Avalanche trade Duchene to Senators, Predators get Turris


This Oct. 11, 2017 photo shows Colorado Avalanche center Matt Duchene (9) in the second period of a hockey game in Denver. The Colorado Avalanche have traded Duchene, sending him to the Ottawa Senators in a pair of deals that left Kyle Turris with the Nashville Predators. The Avalanche and Senators announced the trades after Duchene left Colorado’s game at the New York Islanders midway through the first period on Sunday, Nov. 5, 2017. (AP Photo/David Zalubowski)

Joe Sakic told Matt Duchene to be patient, that the trade he asked for would come at some point.

It finally did as the Colorado Avalanche traded Duchene to the Ottawa Senators on Sunday night in a pair of deals that also included Kyle Turris going to the Nashville Predators. With the Duchene saga over, he joins the Senators as their new No. 1 center, Turris gives the Predators more depth down the middle and the Avalanche push forward with their rebuilding youth movement.

“It’s bittersweet for sure, but I’m excited for a new opportunity in Ottawa,” Duchene said as he left Barclays Center in Brooklyn. “(The Senators) have a team that can win a Stanley Cup. I’m really excited to go there and just nothing but a pleasure to have played here for Colorado.”

Colorado gets top prospects Samuel Girardi and Vladislav Kamenev and a 2018 second-round pick from Nashville, and prospect Shane Bowers, goaltender Andrew Hammond and a 2018 first- and 2019 third-round picks from Ottawa. Sakic said the Senators first-round pick was top-10 protected.

Duchene is signed through 2018-19 at a salary-cap hit of $6 million. But Sakic said Duchene requested a trade last Christmas, and he has been talking to teams about moving him ever since.

“It’s been a while, but we wanted to make sure we had the right deal,” Colorado’s general manager said. “I think it worked for all three teams. Ottawa wanted Matt really bad, and Kyle Turris was the perfect fit for what Nashville’s trying to do and we’re trying to build this up and get younger and have our kids grow together.”

After the deals were completed, Turris signed a $36 million, six-year extension with Nashville that keeps him under contract through 2023-24. Nashville, which went to the Stanley Cup Final last season, lost winger James Neal to Vegas in the expansion draft but could afford to sign Turris because of that cap space.

Predators GM David Poile called Turris, 28, one of the best two-way centers in the NHL.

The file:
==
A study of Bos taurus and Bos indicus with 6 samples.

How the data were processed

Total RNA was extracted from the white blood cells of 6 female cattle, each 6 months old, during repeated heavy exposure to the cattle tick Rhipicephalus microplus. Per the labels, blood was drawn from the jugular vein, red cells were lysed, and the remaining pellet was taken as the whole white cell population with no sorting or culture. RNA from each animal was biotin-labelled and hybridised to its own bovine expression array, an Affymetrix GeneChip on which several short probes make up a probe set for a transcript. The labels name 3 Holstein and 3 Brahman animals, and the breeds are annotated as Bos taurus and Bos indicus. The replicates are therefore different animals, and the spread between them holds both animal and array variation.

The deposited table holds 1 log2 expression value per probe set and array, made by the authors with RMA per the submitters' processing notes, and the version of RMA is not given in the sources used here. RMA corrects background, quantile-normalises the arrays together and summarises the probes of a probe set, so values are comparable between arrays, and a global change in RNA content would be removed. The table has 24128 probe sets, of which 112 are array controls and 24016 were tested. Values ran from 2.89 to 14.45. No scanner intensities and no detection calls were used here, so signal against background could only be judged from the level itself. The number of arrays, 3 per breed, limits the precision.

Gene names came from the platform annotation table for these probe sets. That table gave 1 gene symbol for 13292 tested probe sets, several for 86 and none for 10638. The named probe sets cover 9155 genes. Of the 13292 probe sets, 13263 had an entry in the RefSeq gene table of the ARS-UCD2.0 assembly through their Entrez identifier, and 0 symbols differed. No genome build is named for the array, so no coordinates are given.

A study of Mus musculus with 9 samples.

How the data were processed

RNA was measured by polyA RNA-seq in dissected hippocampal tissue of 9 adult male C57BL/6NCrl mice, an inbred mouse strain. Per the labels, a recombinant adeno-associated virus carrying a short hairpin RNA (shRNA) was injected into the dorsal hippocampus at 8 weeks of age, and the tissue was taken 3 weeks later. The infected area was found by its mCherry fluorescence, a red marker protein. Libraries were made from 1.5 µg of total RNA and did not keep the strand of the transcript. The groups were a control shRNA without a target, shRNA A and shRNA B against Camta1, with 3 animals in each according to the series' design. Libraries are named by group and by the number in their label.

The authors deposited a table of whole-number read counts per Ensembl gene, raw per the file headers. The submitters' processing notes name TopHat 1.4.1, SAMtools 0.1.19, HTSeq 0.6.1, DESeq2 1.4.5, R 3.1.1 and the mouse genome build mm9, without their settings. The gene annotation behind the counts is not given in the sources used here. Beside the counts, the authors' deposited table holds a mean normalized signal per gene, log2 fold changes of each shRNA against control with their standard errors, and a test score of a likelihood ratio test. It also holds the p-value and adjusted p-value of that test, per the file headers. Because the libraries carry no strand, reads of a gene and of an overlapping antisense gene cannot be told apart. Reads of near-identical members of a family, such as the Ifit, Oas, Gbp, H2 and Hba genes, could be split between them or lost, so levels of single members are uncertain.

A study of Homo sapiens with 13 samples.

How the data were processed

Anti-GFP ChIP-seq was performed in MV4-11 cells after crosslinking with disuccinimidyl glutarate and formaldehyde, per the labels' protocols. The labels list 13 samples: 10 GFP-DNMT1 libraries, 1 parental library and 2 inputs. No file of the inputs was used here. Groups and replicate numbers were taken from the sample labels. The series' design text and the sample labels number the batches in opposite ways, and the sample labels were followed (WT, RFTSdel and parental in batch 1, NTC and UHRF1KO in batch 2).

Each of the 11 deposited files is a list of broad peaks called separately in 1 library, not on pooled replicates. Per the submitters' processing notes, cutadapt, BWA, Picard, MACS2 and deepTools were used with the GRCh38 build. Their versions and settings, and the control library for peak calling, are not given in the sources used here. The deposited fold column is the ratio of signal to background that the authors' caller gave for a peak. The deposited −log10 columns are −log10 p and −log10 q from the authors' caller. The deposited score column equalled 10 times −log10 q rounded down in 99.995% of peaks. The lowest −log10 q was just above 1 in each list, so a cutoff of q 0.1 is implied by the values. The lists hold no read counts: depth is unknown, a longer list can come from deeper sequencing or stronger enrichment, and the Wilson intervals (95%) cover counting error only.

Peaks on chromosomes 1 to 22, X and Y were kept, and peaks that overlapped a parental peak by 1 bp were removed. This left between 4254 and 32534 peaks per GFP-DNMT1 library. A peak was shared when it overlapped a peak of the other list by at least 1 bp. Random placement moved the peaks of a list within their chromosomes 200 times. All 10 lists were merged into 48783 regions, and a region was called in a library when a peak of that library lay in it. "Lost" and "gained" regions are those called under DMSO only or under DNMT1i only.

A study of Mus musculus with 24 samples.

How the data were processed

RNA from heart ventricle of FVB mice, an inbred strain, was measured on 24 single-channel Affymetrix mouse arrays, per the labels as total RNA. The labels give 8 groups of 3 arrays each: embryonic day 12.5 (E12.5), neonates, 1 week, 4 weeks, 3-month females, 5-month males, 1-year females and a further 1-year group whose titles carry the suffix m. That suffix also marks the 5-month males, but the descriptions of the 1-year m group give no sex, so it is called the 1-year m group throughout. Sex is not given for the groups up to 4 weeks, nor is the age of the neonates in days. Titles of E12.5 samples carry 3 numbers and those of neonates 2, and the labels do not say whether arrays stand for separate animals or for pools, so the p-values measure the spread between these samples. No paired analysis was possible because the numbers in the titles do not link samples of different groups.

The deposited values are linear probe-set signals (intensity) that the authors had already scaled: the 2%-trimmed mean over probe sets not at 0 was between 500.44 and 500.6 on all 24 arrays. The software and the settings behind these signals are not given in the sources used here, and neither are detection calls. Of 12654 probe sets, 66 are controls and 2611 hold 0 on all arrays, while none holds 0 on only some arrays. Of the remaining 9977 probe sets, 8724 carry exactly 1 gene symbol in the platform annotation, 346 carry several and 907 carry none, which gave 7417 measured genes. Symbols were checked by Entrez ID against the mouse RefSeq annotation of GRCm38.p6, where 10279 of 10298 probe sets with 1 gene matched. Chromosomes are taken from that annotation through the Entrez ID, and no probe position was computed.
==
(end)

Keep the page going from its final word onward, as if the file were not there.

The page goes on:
“He should be a great fit in our locker room and will bolster our lineup and give us the depth that’s necessary during the regular season and the playoffs,” Poile said. “He is someone who can play in all situations and will help us tremendously on both ends of the ice. He will give our coaching staff a number of options in terms of offensive production and defensive responsibilities.”

Duchene has four goals and six assists in 13 games this season and 178 goals and 250 assists in 585 NHL games, all with Colorado. He’ll play his first game with the Senators on Friday against the Avalanche in Stockholm, which could be a weird meeting after Duchene spent so much time in limbo.

“We’re going to still focus on winning hockey games and focus on doing that with the guys that want to be here,” Avalanche captain Gabriel Landeskog said after a 6-4 loss to the Islanders. “Obviously, Matt had his opinions and reasons for whatever happened, but I think for the guys that are here, we want to try to win and we want to change this thing around with this team.”

Duchene had a good idea in recent days something was coming, and coach Jared Bednar was prepared with different lineups in case a trade went down. Sakic said he, Poile and Senators GM Pierre Dorion had been talking for a long time, so it was hard to find anyone surprised that Duchene is no longer with the Avalanche.

But Duchene’s exit came in unique fashion as he found out on the bench during the game and left the ice with injured Colorado forward Blake Comeau 9:21 into the first period.

“I kind of knew before they told me,” Duchene said. “I saw them talking on the bench. It’s very strange, but I kind of half-expected it to be the weirdest way possible. It’s one of those things — it’s a business and I’ll have good story for people one day.”

— Freelance reporter Christian Arnold in New York contributed to this report.